Consider what happens if the biggest Supreme Court abortion case in a quarter-century ends in a 4-4 tie.
Pro-choice advocates rally outside of the Supreme Court on March 2, 2016 in Washington, DC. (Photo by Drew Angerer/Getty)
Pro-choice advocates rally outside of the Supreme Court on March 2, 2016 in Washington, DC.
Much of the political world's attention is understandably focused on the presidential race, but the eight-member Supreme Court heard arguments this morning in one of the most important reproductive rights cases in decades. MSNBC's Irin Carmon published an overview of the case yesterday:

Texas, like many of its neighbors, has imposed on abortion clinics new standards that are so difficult for the clinics to meet that a majority of them will be or have been forced to close. Doctors must have admitting privileges at local hospitals, something they say many hospitals have been reluctant to supply out of opposition to abortion or fear of controversy. Abortions must take place in an ambulatory surgical center, a cavernous, multimillion-dollar facility for a procedure that involves no incision and in many cases involves taking a couple of pills. [...] The state of Texas claims it is within its legal rights to regulate clinics for the sake of women's health. The abortion clinics that brought the case counter that the low complication rate and existing regulations show the new law isn't needed. "If these facilities were providing substandard care that posed a threat to patient health or safety, then Texas would be justified in shutting them down," attorneys for the clinics wrote in a brief to the court. "But they have a long record of providing safe abortion care, which [Texas officials] do not dispute."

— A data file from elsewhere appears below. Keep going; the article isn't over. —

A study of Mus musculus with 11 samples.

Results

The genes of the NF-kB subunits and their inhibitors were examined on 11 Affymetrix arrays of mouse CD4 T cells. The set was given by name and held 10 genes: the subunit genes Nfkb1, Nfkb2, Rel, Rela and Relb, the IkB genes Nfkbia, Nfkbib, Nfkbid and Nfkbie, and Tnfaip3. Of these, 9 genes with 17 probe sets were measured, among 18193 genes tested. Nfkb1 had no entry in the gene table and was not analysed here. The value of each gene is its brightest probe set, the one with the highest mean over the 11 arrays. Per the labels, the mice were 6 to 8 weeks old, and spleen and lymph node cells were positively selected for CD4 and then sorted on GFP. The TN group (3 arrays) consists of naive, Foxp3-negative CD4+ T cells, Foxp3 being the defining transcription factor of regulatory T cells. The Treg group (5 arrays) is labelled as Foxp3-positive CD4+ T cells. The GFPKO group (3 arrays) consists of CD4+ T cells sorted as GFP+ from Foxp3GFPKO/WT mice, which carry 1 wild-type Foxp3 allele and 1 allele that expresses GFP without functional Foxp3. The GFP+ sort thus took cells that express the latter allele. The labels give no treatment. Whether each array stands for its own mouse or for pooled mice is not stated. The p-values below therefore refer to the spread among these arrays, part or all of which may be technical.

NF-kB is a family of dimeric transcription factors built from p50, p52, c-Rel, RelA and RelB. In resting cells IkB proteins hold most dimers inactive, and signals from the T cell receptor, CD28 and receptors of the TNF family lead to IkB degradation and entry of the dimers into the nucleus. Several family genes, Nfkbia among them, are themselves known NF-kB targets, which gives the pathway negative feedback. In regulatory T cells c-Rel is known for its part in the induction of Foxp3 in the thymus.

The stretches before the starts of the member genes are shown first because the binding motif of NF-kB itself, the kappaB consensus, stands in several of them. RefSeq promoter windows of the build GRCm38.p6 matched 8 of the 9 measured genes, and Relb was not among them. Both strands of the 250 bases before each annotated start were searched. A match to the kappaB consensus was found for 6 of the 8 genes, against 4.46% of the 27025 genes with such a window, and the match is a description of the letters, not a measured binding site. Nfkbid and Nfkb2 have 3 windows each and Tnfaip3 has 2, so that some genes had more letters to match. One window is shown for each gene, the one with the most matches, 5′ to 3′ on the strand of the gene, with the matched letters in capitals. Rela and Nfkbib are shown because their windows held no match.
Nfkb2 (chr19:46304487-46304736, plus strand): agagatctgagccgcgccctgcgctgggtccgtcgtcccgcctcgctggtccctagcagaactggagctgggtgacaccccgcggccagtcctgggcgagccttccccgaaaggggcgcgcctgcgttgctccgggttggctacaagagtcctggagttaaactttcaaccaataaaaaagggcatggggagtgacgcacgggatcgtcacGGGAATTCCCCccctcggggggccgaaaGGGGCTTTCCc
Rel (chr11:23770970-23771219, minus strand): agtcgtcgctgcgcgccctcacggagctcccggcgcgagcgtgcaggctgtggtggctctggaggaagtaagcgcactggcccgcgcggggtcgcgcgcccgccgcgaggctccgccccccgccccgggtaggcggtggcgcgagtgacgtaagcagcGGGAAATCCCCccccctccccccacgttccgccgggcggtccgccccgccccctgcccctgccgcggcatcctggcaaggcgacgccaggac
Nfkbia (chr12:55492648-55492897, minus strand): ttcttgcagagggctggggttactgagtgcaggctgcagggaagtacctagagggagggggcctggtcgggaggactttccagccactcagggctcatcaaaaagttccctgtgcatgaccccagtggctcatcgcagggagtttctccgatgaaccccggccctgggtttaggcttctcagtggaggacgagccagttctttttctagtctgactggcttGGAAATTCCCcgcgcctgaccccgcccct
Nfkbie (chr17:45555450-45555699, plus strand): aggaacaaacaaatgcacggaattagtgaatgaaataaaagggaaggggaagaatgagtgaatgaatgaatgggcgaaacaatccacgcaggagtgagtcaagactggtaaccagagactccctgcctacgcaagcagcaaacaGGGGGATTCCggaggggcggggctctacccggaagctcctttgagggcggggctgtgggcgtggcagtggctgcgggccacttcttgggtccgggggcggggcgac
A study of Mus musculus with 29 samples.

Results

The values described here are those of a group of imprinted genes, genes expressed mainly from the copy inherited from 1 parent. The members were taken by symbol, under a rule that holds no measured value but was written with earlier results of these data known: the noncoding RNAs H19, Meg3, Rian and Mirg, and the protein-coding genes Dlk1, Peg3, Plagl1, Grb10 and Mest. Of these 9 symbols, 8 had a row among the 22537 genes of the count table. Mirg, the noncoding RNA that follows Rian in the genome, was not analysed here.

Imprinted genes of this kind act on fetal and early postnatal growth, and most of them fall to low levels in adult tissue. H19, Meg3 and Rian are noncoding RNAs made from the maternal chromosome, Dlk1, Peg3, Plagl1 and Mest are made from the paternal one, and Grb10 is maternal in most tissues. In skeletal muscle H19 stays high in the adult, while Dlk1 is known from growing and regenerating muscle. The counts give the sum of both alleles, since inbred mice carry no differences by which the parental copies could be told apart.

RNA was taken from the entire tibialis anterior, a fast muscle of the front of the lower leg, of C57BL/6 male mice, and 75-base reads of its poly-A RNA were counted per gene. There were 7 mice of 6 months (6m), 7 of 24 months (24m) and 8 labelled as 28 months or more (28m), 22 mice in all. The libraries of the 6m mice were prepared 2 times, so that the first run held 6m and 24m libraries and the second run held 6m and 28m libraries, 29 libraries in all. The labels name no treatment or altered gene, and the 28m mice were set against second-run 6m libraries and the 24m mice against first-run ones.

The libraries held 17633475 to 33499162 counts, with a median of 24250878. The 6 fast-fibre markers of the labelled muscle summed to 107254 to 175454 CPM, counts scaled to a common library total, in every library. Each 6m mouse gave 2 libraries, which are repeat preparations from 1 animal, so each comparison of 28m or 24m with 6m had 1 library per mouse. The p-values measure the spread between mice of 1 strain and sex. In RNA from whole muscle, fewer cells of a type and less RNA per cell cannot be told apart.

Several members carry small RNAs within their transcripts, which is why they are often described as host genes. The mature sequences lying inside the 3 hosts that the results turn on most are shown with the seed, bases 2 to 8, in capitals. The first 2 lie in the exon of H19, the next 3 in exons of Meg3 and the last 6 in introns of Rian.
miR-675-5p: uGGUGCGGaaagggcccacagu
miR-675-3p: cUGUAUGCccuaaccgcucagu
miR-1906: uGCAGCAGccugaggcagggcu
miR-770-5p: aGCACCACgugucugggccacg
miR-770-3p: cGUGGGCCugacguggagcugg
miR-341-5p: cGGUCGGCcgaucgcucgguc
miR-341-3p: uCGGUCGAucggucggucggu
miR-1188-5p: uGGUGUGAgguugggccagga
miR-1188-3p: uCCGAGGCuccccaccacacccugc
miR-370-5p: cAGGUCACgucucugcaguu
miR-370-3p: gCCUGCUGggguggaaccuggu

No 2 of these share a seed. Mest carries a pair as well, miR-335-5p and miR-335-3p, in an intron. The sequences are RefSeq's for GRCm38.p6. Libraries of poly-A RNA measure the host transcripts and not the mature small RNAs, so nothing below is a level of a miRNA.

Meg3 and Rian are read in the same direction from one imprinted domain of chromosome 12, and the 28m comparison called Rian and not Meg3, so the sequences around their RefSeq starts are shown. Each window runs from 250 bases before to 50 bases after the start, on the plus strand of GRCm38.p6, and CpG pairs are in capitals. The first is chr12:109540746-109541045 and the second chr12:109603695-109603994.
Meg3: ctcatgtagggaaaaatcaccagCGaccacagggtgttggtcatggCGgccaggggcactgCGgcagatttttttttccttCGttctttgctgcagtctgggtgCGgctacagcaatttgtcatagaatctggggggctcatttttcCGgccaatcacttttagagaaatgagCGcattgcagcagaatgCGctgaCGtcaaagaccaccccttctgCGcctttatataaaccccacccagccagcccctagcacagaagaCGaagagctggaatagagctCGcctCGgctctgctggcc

For the clinics, this case is largely about exposing a sham: Texas Republicans imposed outrageous and unnecessary regulations, not to advance public health, but to curtail women's access to legal abortions.
Indeed, the practical effects of the restrictions are not in dispute: after Texas implemented the new government regulations, the number of abortion clinics in the state was cut roughly in half. It was, by all appearances, a feature, not a bug, of the policy.
Of course, Justice Antonin Scalia's recent passing changes the dynamic surrounding the case quite a bit. Depending on Justice Anthony Kennedy's approach, the high court may rule 5 to 3 to reject Texas' regulations, or it could end up in a 4 to 4 split, which would leave the lower court ruling in place.
SCOTUSblog's Tom Goldstein noted, "The most momentous abortion case in a quarter century is thrown into turmoil by the prospect that the court won't be able to give an answer because it will end in a tie.
And in Whole Woman's Health v. Hellerstedt, the 5th Circuit Court of Appeals largely upheld the Texas law.
So, how'd oral arguments go this morning? NBC News' Pete Williams reported from the Supreme Court this morning, and noted that he believes it's unlikely that there are five justices who'll endorse the Texas policy. Note, Williams also raised the prospect of the justices sending the case back to the lower courts for additional information.